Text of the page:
For National STEM Day (8 November) Tina Eager, Senior Lecturer in Computing, discusses attitudes to gender diversity in STEM in a male-dominated sector.
It’s impossible to live on this planet earth in the twenty-first century and be untouched by Science, Technology, Engineering and Maths/Medicine (STEM), they are the key to almost everything we do. Even using a spade relies on materials science, anatomy, and ergonomics.
Governments complain that there isn’t enough diversity in STEM; that there aren’t enough girls and women studying STEM subjects and working in STEM careers. Yet, despite their efforts, and despite any number of initiatives aimed at improving the gender balance, nothing much seems to change.
We could argue that a shortage of women in STEM subjects and careers is a good thing: women have choices and aren’t being forced into a STEM career.
The question is: does it matter that women aren’t engaging in STEM careers?
In the early stages of the development of mechanical artificial hearts, devices were designed for men and were too large to fit 80% of women’s bodies. While smaller versions now exist, it was years before they were approved for use. Women died as a direct result of that original design decision.
In software, the failure of Apple to include menstrual cycle tracking in its first “comprehensive” Health App, and then to take five years to add it meant that their app wasn’t at all comprehensive for almost half the people who would download it.
Virtual Reality (VR) as a technology has immense potential, but original headsets were designed and built to fit the average male head (and hairstyle). They were not adjustable to fit smaller heads or more narrowly set eyes. Many more women than men cannot comfortably use the VR headsets and are excluded from the benefits of VR.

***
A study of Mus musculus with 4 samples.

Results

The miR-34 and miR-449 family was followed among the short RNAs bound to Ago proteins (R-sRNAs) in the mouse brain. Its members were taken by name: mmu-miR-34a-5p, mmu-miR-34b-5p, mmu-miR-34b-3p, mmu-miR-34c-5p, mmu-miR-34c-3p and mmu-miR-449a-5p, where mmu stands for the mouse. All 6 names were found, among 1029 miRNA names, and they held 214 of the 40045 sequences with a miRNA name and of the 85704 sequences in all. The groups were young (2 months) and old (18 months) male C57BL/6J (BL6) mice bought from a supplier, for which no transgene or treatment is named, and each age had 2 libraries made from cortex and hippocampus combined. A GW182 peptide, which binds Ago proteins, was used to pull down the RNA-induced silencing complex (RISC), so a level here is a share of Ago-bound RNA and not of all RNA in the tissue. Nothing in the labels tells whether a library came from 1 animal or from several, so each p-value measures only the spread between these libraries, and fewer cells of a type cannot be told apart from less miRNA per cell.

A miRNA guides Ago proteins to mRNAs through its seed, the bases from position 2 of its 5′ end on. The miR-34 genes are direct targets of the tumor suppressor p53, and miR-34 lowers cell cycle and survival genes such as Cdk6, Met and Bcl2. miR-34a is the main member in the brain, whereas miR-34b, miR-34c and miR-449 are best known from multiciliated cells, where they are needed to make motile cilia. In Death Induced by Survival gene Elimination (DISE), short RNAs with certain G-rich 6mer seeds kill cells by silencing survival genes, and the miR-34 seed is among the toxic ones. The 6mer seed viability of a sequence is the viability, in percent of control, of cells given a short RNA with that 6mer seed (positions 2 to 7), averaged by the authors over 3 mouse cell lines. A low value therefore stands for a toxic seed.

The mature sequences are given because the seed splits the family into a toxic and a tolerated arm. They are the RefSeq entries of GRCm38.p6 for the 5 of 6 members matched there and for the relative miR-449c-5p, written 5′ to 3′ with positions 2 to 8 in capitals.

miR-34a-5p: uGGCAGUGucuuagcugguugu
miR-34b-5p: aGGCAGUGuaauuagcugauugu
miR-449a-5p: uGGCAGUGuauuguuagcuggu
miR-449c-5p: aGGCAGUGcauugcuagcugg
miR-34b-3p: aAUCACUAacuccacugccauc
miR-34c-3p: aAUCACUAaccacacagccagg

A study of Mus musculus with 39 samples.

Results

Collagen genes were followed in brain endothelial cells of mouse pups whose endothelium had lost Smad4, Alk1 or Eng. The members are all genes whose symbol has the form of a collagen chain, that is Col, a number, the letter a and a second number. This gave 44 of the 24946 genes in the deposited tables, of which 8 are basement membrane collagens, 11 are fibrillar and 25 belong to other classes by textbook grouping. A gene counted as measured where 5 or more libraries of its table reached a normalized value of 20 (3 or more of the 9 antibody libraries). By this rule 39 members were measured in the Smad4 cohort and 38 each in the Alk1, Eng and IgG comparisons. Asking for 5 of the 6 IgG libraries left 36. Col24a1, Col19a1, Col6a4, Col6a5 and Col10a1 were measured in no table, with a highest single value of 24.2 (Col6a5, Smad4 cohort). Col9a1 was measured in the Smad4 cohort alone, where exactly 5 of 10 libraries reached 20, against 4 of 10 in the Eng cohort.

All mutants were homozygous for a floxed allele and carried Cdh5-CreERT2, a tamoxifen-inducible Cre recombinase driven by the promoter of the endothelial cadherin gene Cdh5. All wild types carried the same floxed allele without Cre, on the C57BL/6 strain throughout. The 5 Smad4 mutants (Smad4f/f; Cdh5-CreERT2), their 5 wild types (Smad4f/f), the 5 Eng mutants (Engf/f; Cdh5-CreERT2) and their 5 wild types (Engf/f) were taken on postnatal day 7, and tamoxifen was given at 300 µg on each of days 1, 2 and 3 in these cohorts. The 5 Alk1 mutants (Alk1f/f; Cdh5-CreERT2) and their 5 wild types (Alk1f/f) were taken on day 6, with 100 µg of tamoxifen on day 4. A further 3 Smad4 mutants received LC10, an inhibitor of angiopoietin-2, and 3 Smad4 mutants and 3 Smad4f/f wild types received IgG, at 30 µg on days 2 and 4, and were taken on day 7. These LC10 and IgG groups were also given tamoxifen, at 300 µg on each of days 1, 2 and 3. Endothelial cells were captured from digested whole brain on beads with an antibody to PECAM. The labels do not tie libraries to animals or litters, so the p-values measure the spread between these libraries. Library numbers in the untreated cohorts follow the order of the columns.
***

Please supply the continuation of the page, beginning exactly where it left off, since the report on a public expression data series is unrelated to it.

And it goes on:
Early crash test dummies were built as “average” meaning average male. “Female” crash test dummies were often just smaller male-shaped dummies. Women are 73% more likely to be killed or seriously injured in a head-on car crash than men. It’s not the standard of driving that’s the problem.
In facial recognition software, many of the data sets used to “train” the software included disproportionate numbers of white male faces. These systems discriminate against women and people of colour. The potential for misidentification or the inability to use systems that rely on facial recognition is significant.
The Confederation of British Industry claims “technology creation must reflect our diverse society”, 3M a leading multinational company points out that
The future needs diverse thinkers from diverse backgrounds. Equity is as important as any cutting-edge science or technology in guaranteeing a future of innovation. Through greater access, we access greater potential.
It is well recognised that companies with a more diverse workforce tend to perform better financially than those with less diverse workforce. Diverse teams in the workplace are likely to be more creative, to reach a wider market, and to attract a more talented and ambitious workforce.
So tell me, does it matter that women aren’t engaging in STEM?
Tina Eager is Senior Lecturer in Computing in the School of Engineering, Technology, and Design.